Cal MediConnect LTSS Best Practices Summary

One key focus of Cal MediConnect (CMC) – as well as the broader Coordinated Care Initiative (CCI) – is to better integrate long-term services and supports (LTSS) for Medicare and Medi-Cal beneficiaries. Several years into the program, evaluation findings indicate that, while CMC provides a valuable new pathway for serving dual eligible beneficiaries, more work can be done to connect members to LTSS services and to better integrate and coordinate those services with the more traditional medical benefits that health plans offer.

As one of several initiatives to address this ongoing challenge, during the spring of 2018, the CMC plans participated in a best practices process to examine their own internal operations and share learnings with each other. A summary of the best practices meetings was published in September 2018 and key findings from the best practices process include:

Identifying LTSS Needs

  • Plans have implemented the new standardized LTSS referral questions into their Health Risk Assessments (HRA). Having the CMC plan conduct the HRA seems to accelerate the LTSS referral process and improve care coordination between providers and the care team.
  • Beyond the HRA process, plans are connecting with providers and beneficiaries while they are hospitalized to assess LTSS needs. Plans have also developed systems to solicit referrals from internal departments as well as encourage external referrals from members, caregivers, skilled nursing facilities (SNFs), community-based organizations (CBOs), and other programs.

Connecting Members to Services

  • Plans are leveraging technology to support LTSS care coordination, including integrating the HRA into the electronic health record (EHR) so data is available across the care team. Care management software allows plans to use automatic reminders for care managers or providers to trigger follow-up.
  • For all types of referrals, plans are finding that it works best when care managers closely follow the referral process and when they work to build relationships with the LTSS providers.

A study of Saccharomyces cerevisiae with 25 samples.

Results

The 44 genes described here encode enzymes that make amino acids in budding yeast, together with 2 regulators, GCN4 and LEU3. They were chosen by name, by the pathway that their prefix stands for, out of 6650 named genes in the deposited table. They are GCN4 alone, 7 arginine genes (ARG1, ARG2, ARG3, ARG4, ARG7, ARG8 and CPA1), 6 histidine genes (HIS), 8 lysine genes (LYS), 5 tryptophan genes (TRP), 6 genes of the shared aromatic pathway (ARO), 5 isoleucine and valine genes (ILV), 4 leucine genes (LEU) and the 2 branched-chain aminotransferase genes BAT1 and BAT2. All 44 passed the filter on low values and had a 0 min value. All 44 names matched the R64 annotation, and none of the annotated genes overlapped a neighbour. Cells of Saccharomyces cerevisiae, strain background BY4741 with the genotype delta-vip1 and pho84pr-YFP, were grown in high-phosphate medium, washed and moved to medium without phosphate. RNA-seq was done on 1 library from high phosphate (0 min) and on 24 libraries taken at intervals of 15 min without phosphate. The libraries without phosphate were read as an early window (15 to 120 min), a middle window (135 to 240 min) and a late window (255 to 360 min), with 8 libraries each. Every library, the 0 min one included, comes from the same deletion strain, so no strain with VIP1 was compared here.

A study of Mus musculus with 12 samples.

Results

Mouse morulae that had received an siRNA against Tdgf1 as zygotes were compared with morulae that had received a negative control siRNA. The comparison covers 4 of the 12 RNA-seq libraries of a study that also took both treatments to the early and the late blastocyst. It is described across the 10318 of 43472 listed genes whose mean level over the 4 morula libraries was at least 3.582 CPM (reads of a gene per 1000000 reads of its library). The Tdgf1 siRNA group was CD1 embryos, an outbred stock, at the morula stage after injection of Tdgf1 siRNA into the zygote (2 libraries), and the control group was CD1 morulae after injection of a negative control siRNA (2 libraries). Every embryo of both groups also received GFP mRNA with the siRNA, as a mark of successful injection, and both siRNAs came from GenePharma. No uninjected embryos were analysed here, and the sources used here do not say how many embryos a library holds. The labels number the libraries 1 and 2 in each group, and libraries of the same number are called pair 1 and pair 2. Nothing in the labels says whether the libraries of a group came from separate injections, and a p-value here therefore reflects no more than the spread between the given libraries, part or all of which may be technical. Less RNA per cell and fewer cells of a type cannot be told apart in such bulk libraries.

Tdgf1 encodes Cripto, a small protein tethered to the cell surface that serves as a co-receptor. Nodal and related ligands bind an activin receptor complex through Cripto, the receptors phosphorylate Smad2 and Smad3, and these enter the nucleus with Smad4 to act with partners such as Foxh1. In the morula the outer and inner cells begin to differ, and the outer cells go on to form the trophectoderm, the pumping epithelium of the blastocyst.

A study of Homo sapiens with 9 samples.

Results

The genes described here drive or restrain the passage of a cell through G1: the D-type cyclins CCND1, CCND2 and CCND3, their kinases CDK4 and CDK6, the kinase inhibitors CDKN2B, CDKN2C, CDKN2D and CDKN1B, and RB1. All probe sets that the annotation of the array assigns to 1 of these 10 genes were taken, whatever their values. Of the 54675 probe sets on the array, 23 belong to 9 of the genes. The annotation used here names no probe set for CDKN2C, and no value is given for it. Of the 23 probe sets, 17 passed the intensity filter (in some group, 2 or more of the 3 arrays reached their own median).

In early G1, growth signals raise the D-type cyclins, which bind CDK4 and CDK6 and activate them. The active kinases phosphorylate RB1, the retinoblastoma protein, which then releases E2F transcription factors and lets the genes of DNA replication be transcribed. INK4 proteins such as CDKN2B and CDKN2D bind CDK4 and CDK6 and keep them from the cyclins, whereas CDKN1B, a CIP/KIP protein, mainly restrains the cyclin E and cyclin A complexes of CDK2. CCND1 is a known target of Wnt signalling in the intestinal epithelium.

Care Coordination Infrastructure:

  • How plans provide tailored care coordination to their members with LTSS varies; no model appeared as a single best practice and each model has benefits and limitations in serving members. General best practices include:
    • Have a general care manager (non-clinical) conduct the initial follow-up and then an LCSW or LTSS trained care manager provide follow-up on LTSS needs.
    • Integrate the care manager into the Interdisciplinary Care Team (ICT), and ensure referrals are reflected in the Individualized Care Plan (ICP).

Training and Education

  • Plans must train a wide variety of actors on LTSS services. Training should include who is eligible, how to identify LTSS needs (and recognize urgent needs), how to connect members with LTSS services, as well as resources in the community such as food, transportation, caregiver support, utility assistance, housing, etc.
  • In-service and orientation days at LTSS provider facilities can give staff the best understanding of how LTSS providers support their members.

Working with LTSS Partners

  • Several plans shared data with LTSS providers to help target and prevent unnecessary hospitalizations and emergency department visits.
  • Plans have worked to build close relationships between plan care managers and LTSS program care managers to improve care delivery and care coordination.

Download the full summary of the Cal MediConnect Best Practices Meeting.